BENEATH THE SPIN • ERIC L. WATTREE
The founding fathers understood the dangers of vacillating public sentiment, so they established the United States Constitution to protect America from the ebb and flow of public opinion. The Constitution was designed to set in place a set of American values from which the nation should never deviate in response to public sentiment.
But the GOP and the Democratic Party are working hand-in-hand to undermine those standards – first, the GOP creates a toxic political environment to circumvent the people’s common sense, then instead of defending the Constitution, the weak-kneed Democratic Party simply goes along in order to protect their political interest. This unholy alliance has been going on for nearly forty years now, and America has been racing downhill every since. The primary victim of this unholy alliance, is the rule of law – the very foundation of the Constitution.
Immediately after President Nixon resigned in response to the Watergate Scandal, instead of bringing Nixon to justice for violating the law, only his subordinates were jailed. On September 8, 1974, President Gerald Ford issued a full pardon, “In best interest of the American people,” immunizing Richard Nixon from any further prosecution, and thereby corrupting the Constitution, and setting a precedent establishing a class of people who were above the law.
The American people were caught sleeping, but Dick Cheney and Donald Rumsfeld, two young politicians in the Nixon and Ford administrations, respectively, were wide awake, and fully cognizant of the ramifications of this new development.
Then on January 20, 1981, the newly elected Republican president, Ronald Reagan, entered office under a cloud of suspicion. On November 4, 1979, the American embassy was stormed by Iranian militants and they took sixty-six Americans hostage. The hostage crisis went on for 444 days, greatly enhancing Ronald Reagan’s bid for president against President Jimmy Carter. Many believe that Reagan forces negotiated with the Iranians to hold the American hostages until after the election. That has never been proven, but what adds fuel to the allegation is that the hostages were released six (6) minutes after Ronald Reagan was administered the oath of office as the 40th President of the United States.
What has been proven, however, is that even though the Iranians were considered an enemy of the United States and had held sixty-six Americans hostage for 444 days, Reagan entered into a secret agreement with the Iranians to have Israel ship them military arms, then resupply Israel in return for payment under the table (treason). Reagan needed the money to fund the Contras in a war in Nicaragua in which congress outlawed funding under the Boland Amendment. Reagan also drummed up funding for the Contras by flooding the nation’s inner cities with illegal drugs – an act of treachery that thirty years later, the nation is still feeling the negative effects.
While several of Reagan’s high-level subordinates were convicted of conspiracy and obstructing justice (“So many White House documents were shredded that the White House shredder became choked”), the convictions of Col. Oliver North and John Poindexter were overturned on technicalities, and others who were convicted were later pardoned by President George H.W. Bush – “in the best interest of the nation.”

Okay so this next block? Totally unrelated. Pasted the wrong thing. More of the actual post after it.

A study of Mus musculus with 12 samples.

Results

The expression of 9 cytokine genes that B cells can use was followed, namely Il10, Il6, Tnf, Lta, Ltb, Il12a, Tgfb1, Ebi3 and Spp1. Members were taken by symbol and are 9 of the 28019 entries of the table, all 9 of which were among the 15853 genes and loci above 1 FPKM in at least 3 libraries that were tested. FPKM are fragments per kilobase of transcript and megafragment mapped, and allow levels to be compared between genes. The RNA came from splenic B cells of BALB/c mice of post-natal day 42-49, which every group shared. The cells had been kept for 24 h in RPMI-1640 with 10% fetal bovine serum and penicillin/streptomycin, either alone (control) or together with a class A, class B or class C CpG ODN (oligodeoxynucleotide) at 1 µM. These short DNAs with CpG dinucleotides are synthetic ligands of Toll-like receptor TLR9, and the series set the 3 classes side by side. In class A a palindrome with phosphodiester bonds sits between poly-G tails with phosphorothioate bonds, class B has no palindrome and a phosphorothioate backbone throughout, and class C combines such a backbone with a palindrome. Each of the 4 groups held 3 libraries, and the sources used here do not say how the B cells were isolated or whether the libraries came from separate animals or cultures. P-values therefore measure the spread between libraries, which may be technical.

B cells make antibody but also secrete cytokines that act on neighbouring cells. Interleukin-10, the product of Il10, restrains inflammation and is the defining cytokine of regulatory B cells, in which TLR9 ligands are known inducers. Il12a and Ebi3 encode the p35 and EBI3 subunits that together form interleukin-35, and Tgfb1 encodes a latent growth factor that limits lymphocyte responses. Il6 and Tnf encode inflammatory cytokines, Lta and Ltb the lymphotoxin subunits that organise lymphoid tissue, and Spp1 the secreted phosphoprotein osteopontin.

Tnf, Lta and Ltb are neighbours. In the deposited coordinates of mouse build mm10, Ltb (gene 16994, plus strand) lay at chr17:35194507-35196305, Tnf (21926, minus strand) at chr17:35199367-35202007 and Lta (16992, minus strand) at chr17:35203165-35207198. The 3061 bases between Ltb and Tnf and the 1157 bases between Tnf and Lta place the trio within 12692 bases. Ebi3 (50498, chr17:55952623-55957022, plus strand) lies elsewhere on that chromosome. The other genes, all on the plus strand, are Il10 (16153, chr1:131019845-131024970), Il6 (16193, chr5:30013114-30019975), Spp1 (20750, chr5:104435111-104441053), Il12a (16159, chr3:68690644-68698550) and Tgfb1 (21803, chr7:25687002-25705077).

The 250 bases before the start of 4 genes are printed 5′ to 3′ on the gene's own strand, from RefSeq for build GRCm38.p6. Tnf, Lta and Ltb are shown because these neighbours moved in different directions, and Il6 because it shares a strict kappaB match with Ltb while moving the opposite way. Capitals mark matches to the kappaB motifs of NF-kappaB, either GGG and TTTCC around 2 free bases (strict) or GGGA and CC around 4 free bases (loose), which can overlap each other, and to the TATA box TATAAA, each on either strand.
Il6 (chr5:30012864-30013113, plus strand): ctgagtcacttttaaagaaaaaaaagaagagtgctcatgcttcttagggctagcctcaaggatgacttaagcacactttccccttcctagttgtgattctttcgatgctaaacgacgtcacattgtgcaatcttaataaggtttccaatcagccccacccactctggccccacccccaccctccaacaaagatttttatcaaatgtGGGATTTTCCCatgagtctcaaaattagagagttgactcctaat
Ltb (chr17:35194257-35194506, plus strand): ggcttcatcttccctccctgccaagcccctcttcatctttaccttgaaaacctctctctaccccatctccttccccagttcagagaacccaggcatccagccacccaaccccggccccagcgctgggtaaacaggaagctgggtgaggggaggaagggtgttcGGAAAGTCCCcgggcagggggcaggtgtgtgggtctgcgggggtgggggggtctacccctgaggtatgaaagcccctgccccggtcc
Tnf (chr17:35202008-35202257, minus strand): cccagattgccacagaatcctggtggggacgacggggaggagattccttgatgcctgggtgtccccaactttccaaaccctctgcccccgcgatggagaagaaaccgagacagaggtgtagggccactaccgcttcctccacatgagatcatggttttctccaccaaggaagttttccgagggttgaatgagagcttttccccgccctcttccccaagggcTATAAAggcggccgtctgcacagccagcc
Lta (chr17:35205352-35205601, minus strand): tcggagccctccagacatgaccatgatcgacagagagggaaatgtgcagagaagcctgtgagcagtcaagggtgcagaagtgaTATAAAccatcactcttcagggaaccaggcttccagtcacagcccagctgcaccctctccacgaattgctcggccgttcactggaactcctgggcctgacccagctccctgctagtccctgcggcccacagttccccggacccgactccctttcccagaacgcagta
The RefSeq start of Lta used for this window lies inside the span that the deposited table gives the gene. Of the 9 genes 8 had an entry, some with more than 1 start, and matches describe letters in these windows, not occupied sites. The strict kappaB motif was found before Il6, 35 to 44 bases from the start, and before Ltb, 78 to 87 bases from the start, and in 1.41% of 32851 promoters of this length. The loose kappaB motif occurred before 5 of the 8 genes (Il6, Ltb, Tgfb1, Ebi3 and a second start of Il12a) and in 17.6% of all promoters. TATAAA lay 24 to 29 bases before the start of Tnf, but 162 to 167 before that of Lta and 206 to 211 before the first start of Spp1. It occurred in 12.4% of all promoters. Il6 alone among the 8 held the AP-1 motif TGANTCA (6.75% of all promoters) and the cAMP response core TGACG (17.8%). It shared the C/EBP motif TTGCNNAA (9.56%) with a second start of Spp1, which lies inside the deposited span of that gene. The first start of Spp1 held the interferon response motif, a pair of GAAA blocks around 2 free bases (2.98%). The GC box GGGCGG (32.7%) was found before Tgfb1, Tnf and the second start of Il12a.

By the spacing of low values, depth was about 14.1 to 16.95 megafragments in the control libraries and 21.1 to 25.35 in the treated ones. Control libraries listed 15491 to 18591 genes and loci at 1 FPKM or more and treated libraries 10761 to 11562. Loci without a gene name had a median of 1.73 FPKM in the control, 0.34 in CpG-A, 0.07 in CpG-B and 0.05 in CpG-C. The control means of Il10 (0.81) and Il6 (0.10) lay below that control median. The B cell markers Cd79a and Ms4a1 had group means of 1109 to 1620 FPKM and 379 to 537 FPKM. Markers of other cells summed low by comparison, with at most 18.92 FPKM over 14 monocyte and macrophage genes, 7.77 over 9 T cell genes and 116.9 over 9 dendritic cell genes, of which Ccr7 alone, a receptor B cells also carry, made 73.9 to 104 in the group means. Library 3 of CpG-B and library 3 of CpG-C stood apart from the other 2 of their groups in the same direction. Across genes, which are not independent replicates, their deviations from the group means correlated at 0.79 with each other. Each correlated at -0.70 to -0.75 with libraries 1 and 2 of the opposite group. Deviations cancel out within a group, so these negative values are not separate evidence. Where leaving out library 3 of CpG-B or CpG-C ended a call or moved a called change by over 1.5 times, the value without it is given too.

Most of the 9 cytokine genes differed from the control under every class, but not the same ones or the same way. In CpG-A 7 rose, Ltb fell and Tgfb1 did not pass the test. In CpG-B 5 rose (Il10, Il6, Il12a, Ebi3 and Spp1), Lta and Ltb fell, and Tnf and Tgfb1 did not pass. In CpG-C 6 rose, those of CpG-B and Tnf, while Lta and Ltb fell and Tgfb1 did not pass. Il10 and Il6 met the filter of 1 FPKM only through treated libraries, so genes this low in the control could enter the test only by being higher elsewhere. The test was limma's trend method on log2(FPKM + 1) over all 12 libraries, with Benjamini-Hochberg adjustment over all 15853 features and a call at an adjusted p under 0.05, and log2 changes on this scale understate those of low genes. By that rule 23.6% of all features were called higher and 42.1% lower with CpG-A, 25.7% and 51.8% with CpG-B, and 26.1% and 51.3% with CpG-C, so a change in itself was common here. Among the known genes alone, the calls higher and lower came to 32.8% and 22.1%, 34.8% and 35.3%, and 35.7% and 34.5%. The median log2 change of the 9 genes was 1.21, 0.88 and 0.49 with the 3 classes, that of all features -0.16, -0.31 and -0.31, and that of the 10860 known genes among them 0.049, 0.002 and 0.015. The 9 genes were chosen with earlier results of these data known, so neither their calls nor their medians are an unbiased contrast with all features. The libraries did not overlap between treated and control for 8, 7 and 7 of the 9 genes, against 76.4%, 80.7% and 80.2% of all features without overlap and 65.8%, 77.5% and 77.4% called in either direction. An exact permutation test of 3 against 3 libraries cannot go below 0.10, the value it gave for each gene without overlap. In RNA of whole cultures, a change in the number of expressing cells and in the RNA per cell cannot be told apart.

So, again, instead of impeaching Ronald Reagan and sending him to prison for his grossly unthinkable crimes, airports and an aircraft carrier was named after him, many Republicans began to hold him up as one of our greatest presidents – and once again, while America slept, Dick Cheney and Donald Rumsfeld were watching from the wings.
So this “not looking back in the best interest of the nation” mantra is getting a little overworn and tiresome – not to mention being total nonsense. If Richard Nixon had been sent to jail for his part in Watergate, and Ronald Reagan and his gang had been made to walk the yard with him, chances are Bush and Cheney would never have dared to initiate their illegal war in Iraq that led to the death and displacement of over a million Iraqis, the death, and dismemberment of thousands of American troops, and the near bankruptcy of the nation.
America is on a toboggan hurling down a very slippery slope. Every political generation is taking the assault on the U.S. Constitution to the next level. We’ve gotten to the point where the Supreme Court is taking the election of our presidents out of the hands of the people, war crimes are simply being redefined as “enhanced interrogation techniques,” and the freedom of religion is under serious assault.
Where will tomorrow’s young demagogues take us? Yesterday it was a war on terror, today it’s a war on Muslims, tomorrow it could be a war on Black Muslims, and the next day, a war on Black people in general. That doesn’t seem as far fetched as it once did.
Wake up, Mr. President. It’s 3:00 a.m., and reality is on line one.
Eric L. Wattree
Religious bigotry: It’s not that I hate everyone who doesn’t look, think, and act like me – it’s just that God does.
Eric L. Wattree is a writer, poet, and musician, born in Los Angeles. He’s a columnist for The Los Angeles Sentinel, The Black Star News in New York, and a Staff writer for Veterans Today. He’s also the author of A Message From the Hood.